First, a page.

1. Aug 19, 2009 #1
    1. The problem statement, all variables and given/known data

    What is the magnitude of the gravitational field at the surface of a neutron star whose mass is 1.80 times the mass of the Sun and whose radius is 9.3 km?

    2. Relevant equations

    g = GM/r2

    3. The attempt at a solution

    G is ofcourse 6.67x10^-11
    r^2 is 8.649x10^7 m

    Now I don't know what to take as mass. I took just 1.8 and it didn't work. I just took the mass of sun as 1.9x10^30kg and it didn't work and I also tried the product of those two.
    What am I missing?
    Okay I tried all I could but I am now stuck. Can someone help me. Thanks so much.
  2. jcsd
  3. Aug 19, 2009 #2
    It appears you have everything you need. If the nuetrons star's mass is 1.8 times the suns, you should just times the suns mass by 1.8, which it appears you've done.
    I would just check everything is in SI units and maybe reread the question.
  4. Aug 20, 2009 #3
    Thanks, I double checked everything yet nothing seems to work.
    Even tried a negative sign in front of all possible answers.
  5. Aug 20, 2009 #4
    Apparently the STUPID hw system does not recognize x 10^y format yet the only error it gives is incorrect answer.
  6. Aug 20, 2009 #5
    if you don't mind, can you tell me what you've been getting as the answer? Maybe i can check if its just a computational error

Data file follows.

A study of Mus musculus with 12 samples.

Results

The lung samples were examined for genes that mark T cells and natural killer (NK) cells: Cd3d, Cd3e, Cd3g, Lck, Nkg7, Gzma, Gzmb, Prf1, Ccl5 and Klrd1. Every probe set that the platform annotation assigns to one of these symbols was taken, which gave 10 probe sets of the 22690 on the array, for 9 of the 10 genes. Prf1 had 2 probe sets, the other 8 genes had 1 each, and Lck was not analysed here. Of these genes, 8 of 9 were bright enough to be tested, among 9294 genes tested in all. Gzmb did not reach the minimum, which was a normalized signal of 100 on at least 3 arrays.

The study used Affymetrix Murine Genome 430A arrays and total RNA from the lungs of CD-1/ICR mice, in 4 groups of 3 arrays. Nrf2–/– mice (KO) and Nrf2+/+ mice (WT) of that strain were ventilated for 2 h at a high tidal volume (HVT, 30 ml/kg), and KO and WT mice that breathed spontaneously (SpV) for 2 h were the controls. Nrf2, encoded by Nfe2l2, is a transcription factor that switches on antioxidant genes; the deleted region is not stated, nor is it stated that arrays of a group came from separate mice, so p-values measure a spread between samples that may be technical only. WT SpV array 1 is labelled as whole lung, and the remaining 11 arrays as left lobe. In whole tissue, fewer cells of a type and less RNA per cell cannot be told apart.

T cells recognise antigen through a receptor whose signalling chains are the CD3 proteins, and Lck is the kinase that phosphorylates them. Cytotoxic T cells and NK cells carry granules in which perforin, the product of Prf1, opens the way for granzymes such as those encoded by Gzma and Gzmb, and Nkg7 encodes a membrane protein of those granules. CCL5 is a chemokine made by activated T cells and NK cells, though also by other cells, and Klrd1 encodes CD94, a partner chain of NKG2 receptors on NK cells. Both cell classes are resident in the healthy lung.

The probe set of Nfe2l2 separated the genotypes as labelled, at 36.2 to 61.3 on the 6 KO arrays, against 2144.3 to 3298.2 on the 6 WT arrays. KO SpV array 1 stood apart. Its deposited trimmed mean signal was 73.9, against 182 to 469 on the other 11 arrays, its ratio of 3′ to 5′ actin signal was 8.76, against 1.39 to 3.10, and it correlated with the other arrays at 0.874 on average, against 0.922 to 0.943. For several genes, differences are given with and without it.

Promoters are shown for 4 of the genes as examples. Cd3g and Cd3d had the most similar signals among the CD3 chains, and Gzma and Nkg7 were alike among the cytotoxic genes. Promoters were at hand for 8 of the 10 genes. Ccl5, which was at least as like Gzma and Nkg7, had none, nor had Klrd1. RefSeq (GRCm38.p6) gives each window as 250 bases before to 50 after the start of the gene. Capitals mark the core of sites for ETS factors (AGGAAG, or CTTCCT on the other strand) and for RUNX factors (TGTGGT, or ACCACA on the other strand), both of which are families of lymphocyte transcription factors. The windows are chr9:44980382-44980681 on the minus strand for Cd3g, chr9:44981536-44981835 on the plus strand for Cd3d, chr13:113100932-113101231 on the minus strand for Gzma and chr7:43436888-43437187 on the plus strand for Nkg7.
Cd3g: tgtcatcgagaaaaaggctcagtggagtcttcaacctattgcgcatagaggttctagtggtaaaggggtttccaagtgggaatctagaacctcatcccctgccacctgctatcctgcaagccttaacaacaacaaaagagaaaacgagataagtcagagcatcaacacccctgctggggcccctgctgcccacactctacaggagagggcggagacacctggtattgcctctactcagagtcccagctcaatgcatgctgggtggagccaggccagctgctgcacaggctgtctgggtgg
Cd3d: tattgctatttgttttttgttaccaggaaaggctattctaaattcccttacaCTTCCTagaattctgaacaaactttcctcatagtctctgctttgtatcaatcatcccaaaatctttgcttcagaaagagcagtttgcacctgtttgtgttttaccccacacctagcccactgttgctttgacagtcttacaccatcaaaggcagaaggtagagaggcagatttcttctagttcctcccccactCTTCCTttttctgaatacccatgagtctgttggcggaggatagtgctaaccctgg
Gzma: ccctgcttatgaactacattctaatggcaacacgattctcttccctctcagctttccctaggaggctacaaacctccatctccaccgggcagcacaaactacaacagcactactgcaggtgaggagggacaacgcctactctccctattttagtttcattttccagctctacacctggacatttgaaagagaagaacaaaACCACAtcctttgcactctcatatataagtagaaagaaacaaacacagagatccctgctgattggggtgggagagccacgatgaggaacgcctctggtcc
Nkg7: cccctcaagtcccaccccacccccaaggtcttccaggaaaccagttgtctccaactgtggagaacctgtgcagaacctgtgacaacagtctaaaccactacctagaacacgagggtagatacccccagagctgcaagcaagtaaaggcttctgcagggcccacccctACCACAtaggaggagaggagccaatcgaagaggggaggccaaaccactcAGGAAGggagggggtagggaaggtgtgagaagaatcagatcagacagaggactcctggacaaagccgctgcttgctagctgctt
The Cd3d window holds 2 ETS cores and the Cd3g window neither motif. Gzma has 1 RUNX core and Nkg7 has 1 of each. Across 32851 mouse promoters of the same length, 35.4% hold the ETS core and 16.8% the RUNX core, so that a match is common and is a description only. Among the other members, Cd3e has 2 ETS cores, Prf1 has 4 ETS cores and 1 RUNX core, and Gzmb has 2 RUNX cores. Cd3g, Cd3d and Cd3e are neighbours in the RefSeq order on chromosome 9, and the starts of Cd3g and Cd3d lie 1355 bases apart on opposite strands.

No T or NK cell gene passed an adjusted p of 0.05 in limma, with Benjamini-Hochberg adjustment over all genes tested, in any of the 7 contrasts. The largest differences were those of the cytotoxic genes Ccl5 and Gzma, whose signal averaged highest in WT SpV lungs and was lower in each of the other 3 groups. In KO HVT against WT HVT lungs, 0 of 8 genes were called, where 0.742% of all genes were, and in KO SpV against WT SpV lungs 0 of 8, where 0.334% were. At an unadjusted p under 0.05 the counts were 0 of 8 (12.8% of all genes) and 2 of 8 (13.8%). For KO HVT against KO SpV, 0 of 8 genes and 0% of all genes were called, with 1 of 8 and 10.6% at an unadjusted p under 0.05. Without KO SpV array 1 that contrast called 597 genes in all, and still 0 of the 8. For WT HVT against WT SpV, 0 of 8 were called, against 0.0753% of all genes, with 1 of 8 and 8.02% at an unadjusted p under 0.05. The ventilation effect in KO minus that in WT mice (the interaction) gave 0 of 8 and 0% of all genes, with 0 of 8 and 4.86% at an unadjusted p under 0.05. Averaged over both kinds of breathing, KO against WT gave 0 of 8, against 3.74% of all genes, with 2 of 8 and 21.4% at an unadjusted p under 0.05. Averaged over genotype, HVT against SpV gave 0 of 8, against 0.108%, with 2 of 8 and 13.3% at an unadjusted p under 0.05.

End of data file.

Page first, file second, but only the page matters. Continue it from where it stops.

also, it sounds like its a multiple choice qu, so maybe you should check their units too? Not really sure what the problem is.
  7. Aug 20, 2009 #6

    We have an online system where you input the answer and it says if it's correct or not. If it's correct you get the points.
    2748510000000 m/s^2 is the answer and the system recognized it (ie it's correct)
    I was inputting the number as 2.748 x 10^12 and hence the system said incorrect answer which is poor design of the system IMHO

    And it's not multiple choice
  8. Aug 20, 2009 #7
    hmm, i got a similar answer, but i used a different measurement for the sun's mass (through google). I've never used the system you've described, but it might help to try looking up the sun's mass to a greater accuracy. Even if you were to round it, it looks closer to 2x10^30 than 1.9. Other than that, i'm not sure what else there is besides fiddling with the numbers
    I'd help you more, but I gotta get some sleep, its like 2 in NY. good luck with that system though.